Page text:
Former FBI agent independently investigates allegations of abuse for the archdiocese

Jan Saylor, report investigator for the archdiocesan office of child and youth protection, has 35 years of experience in law enforcement as a city police officer, a Kansas Highway Patrol trooper and a Special Agent with the Federal Bureau of Investigation.

by Joe Bollig and Olivia Martin
Leaven staff

KANSAS CITY, Kan. — The initial report of abuse in the church could come from many sources: a concerned teacher or coach, a parent, a pastor or even the victim.

Regardless of the source, however, the Archdiocese of Kansas City in Kansas’ response begins with Jan Saylor, report investigator for the archdiocesan office of child and youth protection (OCYP).

Plying her hard-earned skills on behalf of the church since 2015, Saylor is no stranger to investigations.

She has 35 years of experience in law enforcement as a city police officer, a Kansas Highway Patrol trooper and a Special Agent with the Federal Bureau of Investigation.

“When I was an FBI agent in St. Louis,” said Saylor, “I was designated the Crimes Against Children coordinator, so I worked many different cases that involved children — including kidnapping, murder, sex trafficking and sexual exploitation.”

Additionally, Saylor oversaw investigations involving the internet exploitation of children while the supervisor of the FBI Cyber Crimes Task Force in the Kansas City field office for over three years.

The investigation procedure

“[My] duty is to investigate allegations of abuse of minors and vulnerable adults by employees, priests, clergy, volunteers or anybody who works for the archdiocese,” said Saylor.

This includes suspicions of abuse, inappropriate behavior or sexual misconduct.

“Anytime I get a phone call, even if it’s not an allegation of abuse, I record it, and it will always be documented for future reference,” said Saylor.

“There are protocols that we follow,” she continued. “If I receive an allegation of abuse directly, I notify Father Riley, the OCYP director, and then ensure the Kansas Department for Children and Families (DCF) and law enforcement are notified as required by law. Typically, DCF contacts law enforcement, but we have done both.”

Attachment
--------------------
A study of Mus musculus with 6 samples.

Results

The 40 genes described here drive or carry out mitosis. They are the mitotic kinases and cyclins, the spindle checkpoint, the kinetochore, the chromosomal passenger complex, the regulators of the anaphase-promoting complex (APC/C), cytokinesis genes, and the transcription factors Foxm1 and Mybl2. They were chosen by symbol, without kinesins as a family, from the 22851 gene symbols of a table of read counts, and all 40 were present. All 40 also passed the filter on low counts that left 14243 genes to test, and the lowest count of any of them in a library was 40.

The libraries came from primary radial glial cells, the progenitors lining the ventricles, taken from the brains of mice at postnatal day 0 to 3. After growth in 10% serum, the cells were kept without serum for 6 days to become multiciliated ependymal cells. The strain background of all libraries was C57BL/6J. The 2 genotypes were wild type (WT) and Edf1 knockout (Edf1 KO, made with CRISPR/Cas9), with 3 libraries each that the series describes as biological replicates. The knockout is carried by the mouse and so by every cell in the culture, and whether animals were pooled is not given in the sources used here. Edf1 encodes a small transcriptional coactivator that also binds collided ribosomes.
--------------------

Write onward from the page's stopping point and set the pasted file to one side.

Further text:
Saylor begins her investigation with whoever made the initial report. She interviews the reporting party and/or victim, as well as the person who has been accused.

Once her investigation is complete, Saylor gives the case file to Father Riley, who facilitates the convening of the Independent Review Board.

The board is an independent body of persons appointed by the archbishop that reviews policies and procedures, reviews allegations of sexual abuse of children and vulnerable adults, and consults with the archbishop.

After the board reviews and discusses the case file, it makes recommendations regarding the outcome of the investigation and any further action which may be taken by the archdiocese to the archbishop.

“If an allegation is proved true, believed to be true or, if after our investigation we believe the allegation to be credible or substantiated, the individual against whom the allegation was made is permanently removed from his or her position or ministry within the church,” said Father Riley.

“The most important thing is to protect the child,” said Saylor. “Everyone is given the presumption of innocence, but the church always puts the welfare of the child first.”

Independent investigation

While abuse of a minor or vulnerable adult is a crime, not all misconduct is criminal.

In some cases, persons are accused of violating archdiocesan safe practice measures or canon law, but not civil law.

“If it’s not criminal, law enforcement wouldn’t be involved,” said Saylor.

Saylor is limited in the sense that she does not have law enforcement powers. She cannot subpoena records or gain access to police reports (unless the person involved gives it to her), or force people to talk to her.

But she is free to use public information.

“For example, let’s say I learned a suspect had been allegedly investigated for sexual abuse 10 years ago at a public school,” said Saylor.

“I can’t go to that school and say, ‘Give me the records of that person,’ and I can’t go to the local police department and ask for the report,” she continued. “They wouldn’t give it to me unless I got permission from the victim.

“But because of my experience, I can put together at least an understanding of credibility to an allegation and get the information that either substantiates it or not.”

She also cooperates with law enforcement authorities as their investigation allows.

A transparent system

“An important part for us, too, is to show transparency,” said Saylor.

“That’s part of the problem,” she added, “that people believe the church is sweeping things under the rug.

“I don’t know that the current crisis could have been avoided, but I do know that, since I’ve been here, I have great confidence in Archbishop [Joseph F. Naumann] in his adherence to the zero tolerance for abuse of children.”

Saylor further emphasized the importance of not hesitating to contact her with allegations, suspicions or questions.

“It doesn’t mean we will have to investigate, but if people have questions and see something they think could be considered grooming or signs of abuse, they can always call me,” she said.

“They will be heard,” she continued. “It will be addressed and documented. Protocols will be followed.”

“I want people to know that whether they report online, through the confidential report line or other means,” said Saylor, “their allegations will end up with me — someone who is independent, trained to take information and investigate it objectively, and has the requisite skills and experience to do so.

“Because that’s what I’ve done for 35 years.”